Components of the Steering System

rack & pinion steering diagram

Have you ever driven a vehicle down the road and thought, how does this steering system work? Nowadays, we drive the most sophisticated, nearly flawless automobiles without giving much thought to the amount of engineering that has gone into them. A steering system is no exception to the genius that contributed to improving the components of the steering system, making them more beneficial to drivers.

What are the Major Components of a Steering System?

Many components of the steering system require smooth interactions with one another to ensure safety and reliability. The steering wheel is the contact point where the driver physically holds onto and rotates when a turn is required. As the steering wheel is turned, an intermediate shaft rotates. At the end of the intermediate shaft is an input shaft. The input shaft is directly connected to the pinion.

The pinion is the smaller gear that meshes with the teeth on the steering rack. Whatever way the driver decides to turn, the pinion rotates in that direction and pushes or pulls the steering rack left or right. At the end of each steering rack are tie rods. The tie rods are inner and outer tie rods that transfer force to the steering knuckles. The steering knuckles connect the suspension system and steering system to the wheel end assembly, acting as the final component before the tires are turned.

The link between the steering system and suspension system.

What is a Rack and Pinion?

WHAT IS A RACK AND PINION?
The most common type of steering system is a rack and pinion style system. The rack and pinion design was used for nearly 100 years in railroad applications before being implemented into Internal Combustion Engine (ICE) vehicles and Electric Vehicles (EV). The rack and pinion are the combination of two components directly responsible for taking rotational motion from the pinion and translating it into linear motion that is necessary to turn a vehicle’s wheels. Although the rack and pinion steering system is good for turning vehicles, a disadvantage of the system is the amount of friction to overcome, requiring physical strength to turn the tires of the vehicle. In order to improve the drivability of a vehicle, engineers developed brilliant designs to use powered components to reduce the required energy.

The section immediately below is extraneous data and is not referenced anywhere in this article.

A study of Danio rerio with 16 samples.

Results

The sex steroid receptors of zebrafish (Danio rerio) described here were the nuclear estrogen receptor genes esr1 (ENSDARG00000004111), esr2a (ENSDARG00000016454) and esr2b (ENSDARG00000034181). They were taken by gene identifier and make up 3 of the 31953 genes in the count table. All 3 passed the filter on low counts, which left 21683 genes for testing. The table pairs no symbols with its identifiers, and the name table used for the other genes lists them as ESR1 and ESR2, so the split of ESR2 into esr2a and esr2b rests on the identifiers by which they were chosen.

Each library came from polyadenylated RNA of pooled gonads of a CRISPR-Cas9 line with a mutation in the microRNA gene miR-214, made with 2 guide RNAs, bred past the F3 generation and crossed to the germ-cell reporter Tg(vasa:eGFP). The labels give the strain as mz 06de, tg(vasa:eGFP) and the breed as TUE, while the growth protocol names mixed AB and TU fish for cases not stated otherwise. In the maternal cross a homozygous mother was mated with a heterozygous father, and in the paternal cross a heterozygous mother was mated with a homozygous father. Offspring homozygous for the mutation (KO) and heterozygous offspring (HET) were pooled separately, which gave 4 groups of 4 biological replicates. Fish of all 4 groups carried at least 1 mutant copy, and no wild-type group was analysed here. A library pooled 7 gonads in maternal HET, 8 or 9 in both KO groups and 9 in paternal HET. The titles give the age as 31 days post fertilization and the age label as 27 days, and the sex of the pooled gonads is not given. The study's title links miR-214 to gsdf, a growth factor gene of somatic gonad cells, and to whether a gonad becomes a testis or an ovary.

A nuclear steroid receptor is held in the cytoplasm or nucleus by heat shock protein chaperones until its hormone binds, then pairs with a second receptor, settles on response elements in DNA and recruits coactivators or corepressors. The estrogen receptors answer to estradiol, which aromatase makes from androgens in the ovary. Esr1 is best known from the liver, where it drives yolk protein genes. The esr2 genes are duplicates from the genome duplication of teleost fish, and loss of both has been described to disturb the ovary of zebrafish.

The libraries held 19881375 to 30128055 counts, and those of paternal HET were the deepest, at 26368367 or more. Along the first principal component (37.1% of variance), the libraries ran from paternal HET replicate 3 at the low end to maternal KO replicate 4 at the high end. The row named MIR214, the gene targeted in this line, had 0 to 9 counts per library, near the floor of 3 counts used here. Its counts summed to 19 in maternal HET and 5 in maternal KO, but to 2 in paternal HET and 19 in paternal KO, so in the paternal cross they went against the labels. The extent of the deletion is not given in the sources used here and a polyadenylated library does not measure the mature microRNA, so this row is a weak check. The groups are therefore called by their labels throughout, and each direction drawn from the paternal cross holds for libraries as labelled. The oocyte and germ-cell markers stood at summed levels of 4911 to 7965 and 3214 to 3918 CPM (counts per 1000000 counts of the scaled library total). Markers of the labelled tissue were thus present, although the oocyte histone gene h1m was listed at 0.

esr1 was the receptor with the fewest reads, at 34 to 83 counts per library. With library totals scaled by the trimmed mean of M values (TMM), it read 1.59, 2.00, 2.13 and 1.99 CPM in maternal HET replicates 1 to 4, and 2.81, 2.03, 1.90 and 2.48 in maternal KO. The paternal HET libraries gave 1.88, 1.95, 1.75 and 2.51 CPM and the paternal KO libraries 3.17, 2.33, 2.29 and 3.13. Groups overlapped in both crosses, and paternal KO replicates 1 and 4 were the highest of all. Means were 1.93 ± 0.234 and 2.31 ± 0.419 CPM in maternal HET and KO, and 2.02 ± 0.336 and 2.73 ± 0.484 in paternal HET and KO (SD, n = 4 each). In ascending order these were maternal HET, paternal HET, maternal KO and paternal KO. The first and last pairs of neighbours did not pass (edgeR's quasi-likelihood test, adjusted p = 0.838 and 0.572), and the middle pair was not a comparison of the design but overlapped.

When was the Power Steering System Implemented into a Vehicle?

In the past, drivers relied on physical energy to turn the entire vehicle. Turning a vehicle with an average weight of 1814 kg (4,000 lbs.) using physical energy was no easy feat. Power steering is the reason drivers are able to turn a vehicle with ease, in the direction that they want it to go. Sometime in the 1950s, engineers had the brilliant idea of adding a hydraulic system that would assist the driver when turning the vehicle’s wheel. Fast forward a couple of decades and the Electric Power Steering (EPS) system was developed to enhance the driving experience by reducing driver fatigue.

Why are Future Steering Systems Electric?

Advancements in electric steering began in the aerospace industry. Airplanes rely on a technology called fly-by-sire where all mechanical connections have been replaced by electronic devices. This is a very safe and reliable way to steer a vehicle; so naturally, the automotive industry started developing a steer-by-wire system that replaces the mechanical connection between the steering wheel and the steering system with electrical components. There are many redundancies added to the steer-by-wire system to ensure that failure of the steering system doesn’t occur.

In conclusion, the evolution of the steering system is a remarkable example of how continuous innovation in engineering can significantly enhance our driving experience. From the basic mechanics of rack and pinion to the advanced technologies of power steering and steer-by-wire systems, each development has made driving safer, more efficient, and more enjoyable. As we look to the future, it’s clear that electric steering systems, inspired by aerospace technology, will continue to revolutionize how we interact with our vehicles, offering even greater precision and reliability.